Civil Rights Law News - U.S. Eighth Circuit
U.S. Eighth Circuit - The FindLaw 8th Circuit Court of Appeals Opinion Summaries Blog

Recently in Civil Rights Law Category

Has the Eighth Circuit lost it? Or is it just the one voice of reason in our appellate courts? Why do we ask?

The Eighth Circuit has ruled that Obamacare's contraception opt out -- the part of the Affordable Care Act that allows religious nonprofits to avoid directly providing contraception to their employees -- violates the Religious Freedom Restoration Act and burdens employers' exercise of religion. In its two rulings issued Thursday, the Eighth stands alone. Similar arguments have been rejected by seven other circuit courts.

Supreme Court here we come!

It was Gay Marriage Day in the Eighth Circuit last Tuesday. No, there wasn't any extra same-sex nuptials, parades, or celebrations. Rather, the circuit court took Tuesday to formally strike down the same-sex marriage bans, following the Supreme Court's ruling nine weeks ago.

As a result of this decision, the same-sex marriage bans in South Dakota, Arkansas, and Nebraska are just about finito. Of course, that doesn't mean the controversial issue is entirely settled. Some county clerks in nearby states are refusing to issue marriage licenses to same-sex couples, while gay rights advocates are now moving to challenge other discriminatory laws and practices.

In June, the Eighth Circuit struck down an Arkansas law banning abortion once a fetal heartbeat can be detected. A few weeks later, the circuit tossed a similar law in North Dakota. In both cases, the Eighth Circuit ruled reluctantly, lamenting that it was bound by Supreme Court precedent.

Now, the ridicule has started rolling in, not because of the Court's holding, but because of the opinions themselves. The opinion in the North Dakota case, authored by Judge Bobby Shepherd, has been particularly targeted. Slate described it as "anti-science." The Economist said it read more like "novice high-school debate speech than a ruling by a federal appellate judge." What's all the hubbub about?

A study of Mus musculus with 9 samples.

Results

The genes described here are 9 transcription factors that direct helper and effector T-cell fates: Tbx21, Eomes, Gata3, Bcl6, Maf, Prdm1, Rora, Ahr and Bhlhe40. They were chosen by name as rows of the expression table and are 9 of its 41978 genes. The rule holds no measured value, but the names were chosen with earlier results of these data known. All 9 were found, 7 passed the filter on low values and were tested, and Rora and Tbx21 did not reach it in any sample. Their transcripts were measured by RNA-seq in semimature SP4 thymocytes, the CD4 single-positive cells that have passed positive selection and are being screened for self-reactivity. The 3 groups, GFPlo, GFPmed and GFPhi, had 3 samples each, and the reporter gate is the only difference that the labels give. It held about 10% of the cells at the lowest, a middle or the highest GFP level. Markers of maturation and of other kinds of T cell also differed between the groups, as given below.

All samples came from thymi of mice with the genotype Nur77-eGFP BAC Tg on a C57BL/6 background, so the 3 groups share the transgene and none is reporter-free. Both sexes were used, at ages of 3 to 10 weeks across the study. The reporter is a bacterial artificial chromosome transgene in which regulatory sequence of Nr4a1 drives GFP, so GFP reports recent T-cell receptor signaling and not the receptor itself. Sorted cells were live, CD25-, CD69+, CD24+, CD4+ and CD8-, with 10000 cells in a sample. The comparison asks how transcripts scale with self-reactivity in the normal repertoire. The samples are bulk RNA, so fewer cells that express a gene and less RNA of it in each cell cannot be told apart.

The Eighth Circuit became the latest appellate court to strike down a state law banning abortions before viability last week. The court threw out an Arkansas law banning abortions after 12 weeks, reiterating the requirement that states may not unduly burden a woman's right to choose prior to fetal viability.

However, unlike its sister circuit to the west, the Eighth did not emphasis the arbitrary or burdensome nature of those bans. Rather, it lamented the lack of a scientific record in the case which may allow it to move the line of viability forward and, with a heavy wink and nudge to abortion opponents, discussed how scientific developments might reshape abortion law.

Nebraska Abolishes Death Penalty

Big news from Nebraska! The state legislature voted 30-19 to override the veto of Governor Pete Ricketts, thereby abolishing the death penalty in that state.

Nebraska is the first conservative state in 40 years to abolish the death penalty, The New York Times reported, and the vote cut across party lines.

Roderick Nunley pleaded guilty to the kidnapping, rape and murder of a 15-year-old in 1989. The state court judge sentenced him to death. Nunley had argued, before the Eight Circuit, that his capital sentence was a violation of state and federal precedent, since he was sentenced to death without a jury. According to Nunley, state and federal Supreme Court precedent required a jury sentencing for a death penalty to be permissible.

Not so, ruled the Eighth, which found that Nunley had unequivocally waived his right to a jury sentencing when he plead guilty.

Family of Michael Brown Sues City of Ferguson, Darren Wilson

As expected, the family of Michael Brown filed a wrongful death lawsuit against the City of Ferguson, Missouri, its former police chief, and former police officer Darren Wilson.

Brown was killed by Wilson in an altercation last year, which began the most recent national conversation about young black men being shot by white police officers. A grand jury declined to indict Wilson for Brown's death, leading to accusations that the prosecution stacked the evidence in Wilson's favor, and then to protests in Ferguson and elsewhere.

What can you get from two marijuana roaches with leftover weed, blunt paper, cigarillo wrappers, and 2 baggie knots pulled from the trash? No, it's not the worst Christmas present ever -- it's probable cause!

A few scraps of marijuana and paraphernalia recovered after searching through thirteen -- thirteen! -- bags of trash weren't the evidence of crack dealing that cops sought, but they were enough to support a warrant to search the house, the Eighth Circuit ruled on Monday.

8th Cir. Upholds UMKC Lecturer's Firing for Speaking Out

After Henry Lyons gave a student athlete an "F" in his course at the University of Missouri at Kansas City, a university committee determined that the student should get a second chance. The paper, graded by the committee, got a D+.

Lyons complained to the school's chancellor about the preferential treatment afforded student athletes and asked for an investigation. The university didn't offer him a job for the next semester, which Lyons said was retaliation for speaking out about the treatment of student athletes, a violation of his First Amendment rights.

8th Cir. Will Hear Expedited Same-Sex Marriage Appeals

In what The Associated Press called "a surprise," the Eighth Circuit Court of Appeals announced that it would hear same-sex marriage appeals from South Dakota, Arkansas, and Missouri in a consolidated oral argument held the week of May 11 in Omaha, Nebraska.

The court agreed not only to consolidate all the cases, but to expedite the appeals. The court's ruling will definitely be influenced by the U.S. Supreme Court's opinion in the Sixth Circuit same-sex marriage cases, which it will hear some time this term.